John Paulson's hedge fund, which a little less than a decade ago was the most desired place for buyside employment on Wall Street, is imploding.
Just days after the Post reported that the firm fired its heads of equity and credit trading amid freefalling P&L as the one-hit wonder has so far failed to repeat the success of his blockbuster subprime megatrade, amid shrinking AUM which has tumbled from $38bn in 2011 to under $10bn now (of which 80% is Paulson' own money), today Paulson Capital took a decisive step to becoming a family office - or perhaps just shutting down - when, as Bloomberg reported the fund's gold and special situations hedge funds are returning client capital "as the firm narrows its focus."
Additionally, one of the firm’s Credit Opportunities funds is also forcing clients to redeem, according to Bloomberg sources, although a second credit fund - arguably the better performing one - will remain open, and investors have the option of moving their money into that offering. Investors can also switch into the merger-focused Pure Spread fund and the European Event Equities fund. They probably won't.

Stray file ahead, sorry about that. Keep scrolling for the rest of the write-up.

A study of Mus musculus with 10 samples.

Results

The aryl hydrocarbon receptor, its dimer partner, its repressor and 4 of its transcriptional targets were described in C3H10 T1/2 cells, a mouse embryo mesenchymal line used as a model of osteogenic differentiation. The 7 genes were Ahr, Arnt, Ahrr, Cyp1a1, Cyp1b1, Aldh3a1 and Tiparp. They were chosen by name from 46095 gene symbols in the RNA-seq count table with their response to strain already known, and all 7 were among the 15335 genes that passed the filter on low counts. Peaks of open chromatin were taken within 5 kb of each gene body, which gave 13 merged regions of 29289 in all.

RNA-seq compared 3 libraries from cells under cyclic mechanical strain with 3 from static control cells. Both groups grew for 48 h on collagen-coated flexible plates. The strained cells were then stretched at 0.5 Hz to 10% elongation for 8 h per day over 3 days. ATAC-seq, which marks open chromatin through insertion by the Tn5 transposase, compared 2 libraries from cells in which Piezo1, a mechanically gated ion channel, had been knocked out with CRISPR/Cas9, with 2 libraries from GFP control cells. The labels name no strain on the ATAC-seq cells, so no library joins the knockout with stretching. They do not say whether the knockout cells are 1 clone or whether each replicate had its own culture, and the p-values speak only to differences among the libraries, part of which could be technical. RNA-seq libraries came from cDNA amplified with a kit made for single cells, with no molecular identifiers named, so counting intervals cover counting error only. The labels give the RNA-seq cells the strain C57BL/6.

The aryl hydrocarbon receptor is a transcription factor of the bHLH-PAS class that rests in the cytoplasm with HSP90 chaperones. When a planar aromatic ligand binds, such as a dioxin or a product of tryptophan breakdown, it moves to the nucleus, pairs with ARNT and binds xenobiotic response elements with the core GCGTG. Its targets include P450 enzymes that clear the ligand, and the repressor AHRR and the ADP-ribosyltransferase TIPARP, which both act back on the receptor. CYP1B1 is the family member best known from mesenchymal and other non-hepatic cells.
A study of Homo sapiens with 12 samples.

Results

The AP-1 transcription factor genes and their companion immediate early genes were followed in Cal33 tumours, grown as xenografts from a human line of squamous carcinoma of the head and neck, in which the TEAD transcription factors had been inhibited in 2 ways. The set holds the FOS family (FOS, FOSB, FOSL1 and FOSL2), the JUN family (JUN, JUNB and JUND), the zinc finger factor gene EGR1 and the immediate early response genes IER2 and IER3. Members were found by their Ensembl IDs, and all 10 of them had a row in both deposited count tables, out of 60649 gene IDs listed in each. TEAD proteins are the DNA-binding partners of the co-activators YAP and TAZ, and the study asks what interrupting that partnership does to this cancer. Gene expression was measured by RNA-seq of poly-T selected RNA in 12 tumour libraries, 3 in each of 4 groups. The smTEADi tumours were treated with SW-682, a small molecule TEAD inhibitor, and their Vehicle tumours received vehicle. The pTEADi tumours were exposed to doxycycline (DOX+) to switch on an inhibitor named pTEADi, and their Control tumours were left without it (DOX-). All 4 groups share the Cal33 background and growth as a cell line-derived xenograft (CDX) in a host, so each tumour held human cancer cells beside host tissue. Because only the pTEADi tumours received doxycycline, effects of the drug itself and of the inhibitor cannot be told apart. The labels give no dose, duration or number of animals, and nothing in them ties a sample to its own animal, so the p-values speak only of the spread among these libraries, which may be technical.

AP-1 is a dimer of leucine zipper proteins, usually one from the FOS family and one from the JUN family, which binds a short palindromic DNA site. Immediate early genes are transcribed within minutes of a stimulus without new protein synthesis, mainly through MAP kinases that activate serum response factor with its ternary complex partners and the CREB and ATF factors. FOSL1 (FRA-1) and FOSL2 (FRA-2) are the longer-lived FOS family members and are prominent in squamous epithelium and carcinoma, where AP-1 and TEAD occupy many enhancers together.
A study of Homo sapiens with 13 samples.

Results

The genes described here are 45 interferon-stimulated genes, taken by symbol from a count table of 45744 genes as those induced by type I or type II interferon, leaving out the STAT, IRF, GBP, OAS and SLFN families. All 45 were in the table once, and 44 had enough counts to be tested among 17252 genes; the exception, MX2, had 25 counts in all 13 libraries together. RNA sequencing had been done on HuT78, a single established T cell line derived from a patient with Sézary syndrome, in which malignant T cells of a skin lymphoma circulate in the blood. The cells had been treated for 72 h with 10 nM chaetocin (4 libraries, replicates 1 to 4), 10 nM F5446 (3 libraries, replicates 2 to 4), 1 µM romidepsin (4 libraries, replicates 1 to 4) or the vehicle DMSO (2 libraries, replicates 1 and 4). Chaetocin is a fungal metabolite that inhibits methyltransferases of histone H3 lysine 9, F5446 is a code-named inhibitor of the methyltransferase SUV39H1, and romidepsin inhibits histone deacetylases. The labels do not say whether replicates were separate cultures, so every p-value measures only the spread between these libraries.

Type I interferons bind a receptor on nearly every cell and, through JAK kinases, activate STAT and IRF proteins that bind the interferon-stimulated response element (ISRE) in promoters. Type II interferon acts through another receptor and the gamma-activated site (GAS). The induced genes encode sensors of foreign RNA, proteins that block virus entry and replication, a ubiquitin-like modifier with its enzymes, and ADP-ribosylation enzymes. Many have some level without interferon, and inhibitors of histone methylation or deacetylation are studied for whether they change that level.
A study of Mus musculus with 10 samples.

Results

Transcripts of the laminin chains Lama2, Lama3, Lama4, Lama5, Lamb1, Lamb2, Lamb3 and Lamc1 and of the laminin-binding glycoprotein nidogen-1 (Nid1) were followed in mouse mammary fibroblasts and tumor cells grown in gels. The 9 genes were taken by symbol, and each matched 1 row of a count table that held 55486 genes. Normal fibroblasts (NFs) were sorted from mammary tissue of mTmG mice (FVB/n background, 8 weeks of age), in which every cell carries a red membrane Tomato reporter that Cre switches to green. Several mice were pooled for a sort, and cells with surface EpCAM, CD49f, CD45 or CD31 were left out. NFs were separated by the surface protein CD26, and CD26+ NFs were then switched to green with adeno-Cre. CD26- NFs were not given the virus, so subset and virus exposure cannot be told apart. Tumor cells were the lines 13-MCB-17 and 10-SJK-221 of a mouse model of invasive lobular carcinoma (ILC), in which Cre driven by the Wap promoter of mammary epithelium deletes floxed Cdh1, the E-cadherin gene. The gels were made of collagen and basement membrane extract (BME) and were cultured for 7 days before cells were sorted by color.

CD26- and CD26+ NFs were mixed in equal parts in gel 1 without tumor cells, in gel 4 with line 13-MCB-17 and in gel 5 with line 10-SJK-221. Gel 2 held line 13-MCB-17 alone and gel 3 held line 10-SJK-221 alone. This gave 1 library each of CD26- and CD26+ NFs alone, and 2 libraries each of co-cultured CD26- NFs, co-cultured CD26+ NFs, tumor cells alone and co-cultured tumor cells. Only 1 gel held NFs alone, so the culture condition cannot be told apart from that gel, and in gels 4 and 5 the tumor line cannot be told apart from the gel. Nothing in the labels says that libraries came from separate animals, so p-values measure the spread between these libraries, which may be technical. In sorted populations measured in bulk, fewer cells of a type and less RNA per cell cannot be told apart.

Amid the termination of its core traders and the return of capital, Paulson hopes to return to his roots of merger arb and distressed investing, as Bloomberg previously reported.
So is the inevitable next step downsizing to a family office and returning all outside capital?
For now, he has no plans to turn the firm into a family office, and is re-focusing on distressed debt and merger arbitrage, people close to Paulson say. A representative for the firm declined to comment about changes to the funds.
“We are rightsizing the firm to focus on our core expertise in areas that are growing,” the fund said in a statement on Friday, a euphemism for scrambling to do anything in our power to avoid a forced liquidation of all our positions.
For now Paulson's equity funds are said to remain operational, which is why we will save a table of Paulson's top 10 positions until the liquidation actually begins.